I was brushing up on Tkinter when I looked upon a minimal example from the NMT Tkinter 8.5 Reference.

#!/usr/bin/env python
import tkinter as tk

class Application(tk.Frame):    
    def __init__(self, master=None):    
        tk.Frame.__init__(self, master)

    def createWidgets(self):    
        self.quitButton = tk.Button(self, text='Quit',command=self.quit)

app = Application()
app.master.title('Sample application')

It's all well and good, until I notice that the Tk class isn't being initialized. In other online reference material I could find (Python's Library Reference, effbot.org, TkDocs), there's usually a call to root = tk.Tk(), from which the rest of the examples are built upon. I also didn't see any sort of reference to the Tk class initialization anywhere on the NMT's reference.

The information I could get regarding the Tk class is also vague, with the Python Reference only listing it as a "toplevel widget ... which usually is the main window of an application". Lastly, if I replace the last lines in the snippet I presented earlier:

root = tk.Tk()
app = Application(root)

The program would run as well as it did before. With all this in mind, what I'm interested in knowing is:

  • What does calling root = tk.Tk() actually do (as in, what gets initialized) and why can the previous snippet work without it?
  • Would I run into any pitfalls or limitations if I don't call Tk() and just built my application around the Frame class?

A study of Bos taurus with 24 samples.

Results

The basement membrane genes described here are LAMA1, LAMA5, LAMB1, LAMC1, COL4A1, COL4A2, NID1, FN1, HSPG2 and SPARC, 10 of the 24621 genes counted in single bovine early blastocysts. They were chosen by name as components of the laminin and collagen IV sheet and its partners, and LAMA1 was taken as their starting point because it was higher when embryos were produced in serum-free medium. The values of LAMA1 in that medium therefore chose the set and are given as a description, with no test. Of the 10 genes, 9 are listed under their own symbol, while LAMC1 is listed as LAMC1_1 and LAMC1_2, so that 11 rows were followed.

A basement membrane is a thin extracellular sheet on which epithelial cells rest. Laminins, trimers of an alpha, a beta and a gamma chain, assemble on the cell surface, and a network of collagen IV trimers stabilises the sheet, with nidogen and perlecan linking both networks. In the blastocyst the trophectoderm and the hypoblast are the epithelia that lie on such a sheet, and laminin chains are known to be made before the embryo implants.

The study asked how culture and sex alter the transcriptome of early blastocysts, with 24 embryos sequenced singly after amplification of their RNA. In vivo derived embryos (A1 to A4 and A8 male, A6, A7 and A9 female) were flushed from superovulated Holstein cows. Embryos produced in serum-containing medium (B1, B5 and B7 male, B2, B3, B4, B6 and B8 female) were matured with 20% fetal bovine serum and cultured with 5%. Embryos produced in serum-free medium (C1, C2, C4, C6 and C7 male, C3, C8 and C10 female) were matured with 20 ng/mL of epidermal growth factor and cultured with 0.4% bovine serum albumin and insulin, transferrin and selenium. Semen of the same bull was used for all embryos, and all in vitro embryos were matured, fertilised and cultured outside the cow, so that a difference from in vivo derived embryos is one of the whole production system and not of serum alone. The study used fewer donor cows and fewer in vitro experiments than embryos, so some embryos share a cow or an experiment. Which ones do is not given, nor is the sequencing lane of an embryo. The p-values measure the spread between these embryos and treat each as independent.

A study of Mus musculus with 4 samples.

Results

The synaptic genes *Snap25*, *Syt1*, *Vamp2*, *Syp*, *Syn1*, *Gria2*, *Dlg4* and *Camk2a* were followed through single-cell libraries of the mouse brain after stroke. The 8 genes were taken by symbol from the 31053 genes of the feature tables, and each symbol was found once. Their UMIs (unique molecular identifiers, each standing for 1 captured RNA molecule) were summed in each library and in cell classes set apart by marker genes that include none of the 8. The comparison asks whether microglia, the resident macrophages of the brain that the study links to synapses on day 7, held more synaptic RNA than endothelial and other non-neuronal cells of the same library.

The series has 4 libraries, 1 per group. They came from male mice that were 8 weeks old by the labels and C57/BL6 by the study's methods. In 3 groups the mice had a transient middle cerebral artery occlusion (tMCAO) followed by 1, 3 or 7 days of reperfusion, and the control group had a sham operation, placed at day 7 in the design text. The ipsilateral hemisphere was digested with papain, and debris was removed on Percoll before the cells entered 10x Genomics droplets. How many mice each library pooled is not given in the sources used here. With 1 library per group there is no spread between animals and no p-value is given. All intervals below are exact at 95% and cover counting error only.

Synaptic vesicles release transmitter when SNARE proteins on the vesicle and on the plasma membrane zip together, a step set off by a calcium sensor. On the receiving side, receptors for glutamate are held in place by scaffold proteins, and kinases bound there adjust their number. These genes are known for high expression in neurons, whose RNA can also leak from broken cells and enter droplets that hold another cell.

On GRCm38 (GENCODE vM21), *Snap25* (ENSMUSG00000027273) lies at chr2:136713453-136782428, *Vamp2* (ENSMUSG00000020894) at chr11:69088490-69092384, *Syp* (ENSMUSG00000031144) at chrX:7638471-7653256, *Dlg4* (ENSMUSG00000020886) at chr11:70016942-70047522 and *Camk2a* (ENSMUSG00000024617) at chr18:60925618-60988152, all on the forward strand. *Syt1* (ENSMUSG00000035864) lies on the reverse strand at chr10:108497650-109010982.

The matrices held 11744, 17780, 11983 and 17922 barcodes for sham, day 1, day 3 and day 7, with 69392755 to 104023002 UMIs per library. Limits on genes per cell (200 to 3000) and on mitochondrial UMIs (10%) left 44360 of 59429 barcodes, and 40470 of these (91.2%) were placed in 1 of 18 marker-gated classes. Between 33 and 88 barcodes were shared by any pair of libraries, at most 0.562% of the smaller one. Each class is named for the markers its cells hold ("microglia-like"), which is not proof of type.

Tkinter works by starting a tcl/tk interpreter under the covers, and then translating tkinter commands into tcl/tk commands. The main window and this interpreter are intrinsically linked, and both are required for a tkinter application to work.

Creating an instance of Tk initializes this interpreter and creates the root window. If you don't explicitly initialize it, one will be implicitly created when you create your first widget.

I don't think there are any pitfalls by not initializing it yourself, but as the zen of python states, "explicit is better than implicit". Your code will be slightly easier to understand if you explicitly create the instance of Tk. It will, for instance, prevent other people from asking the same question about your code that you just asked about this other code.


Whenever a Widget object is created (whether it is a Frame or a Button or even a ttk-based widget), the BaseWidget class' __init__ method is called, which in turn calls the _setup method. Here is a snippet of the relevant part:

def _setup(self, master, cnf):
    """Internal function. Sets up information about children."""
    if _support_default_root:
        global _default_root
        if not master:
            if not _default_root:
                _default_root = Tk()
            master = _default_root
    self.master = master
    self.tk = master.tk

Both _support_default_root and _default_root are global variables, declared in lines 132-133 of the __init__.py file in the tkinter package. They are initialized to the following values:

_support_default_root = 1
_default_root = None

This means that, if master isn't provided, and if an interpreter wasn't already created, an instance of Tk gets created and assigned as the default root for all future widgets.

There is also something interesting when creating an instance of the Tk class. The following snippet comes from the Tk._loadtk method:

if _support_default_root and not _default_root:
    _default_root = self

Which means that, regardless of how the Tk class gets initialized, it is always set up as the default root.


Sometimes it runs even if you don't use mainloop() - mostly on Windows.

Tkinter is strange wrapper on Tcl/Tk :)

But I prefer to use root = Tk() and root.mainloop() always.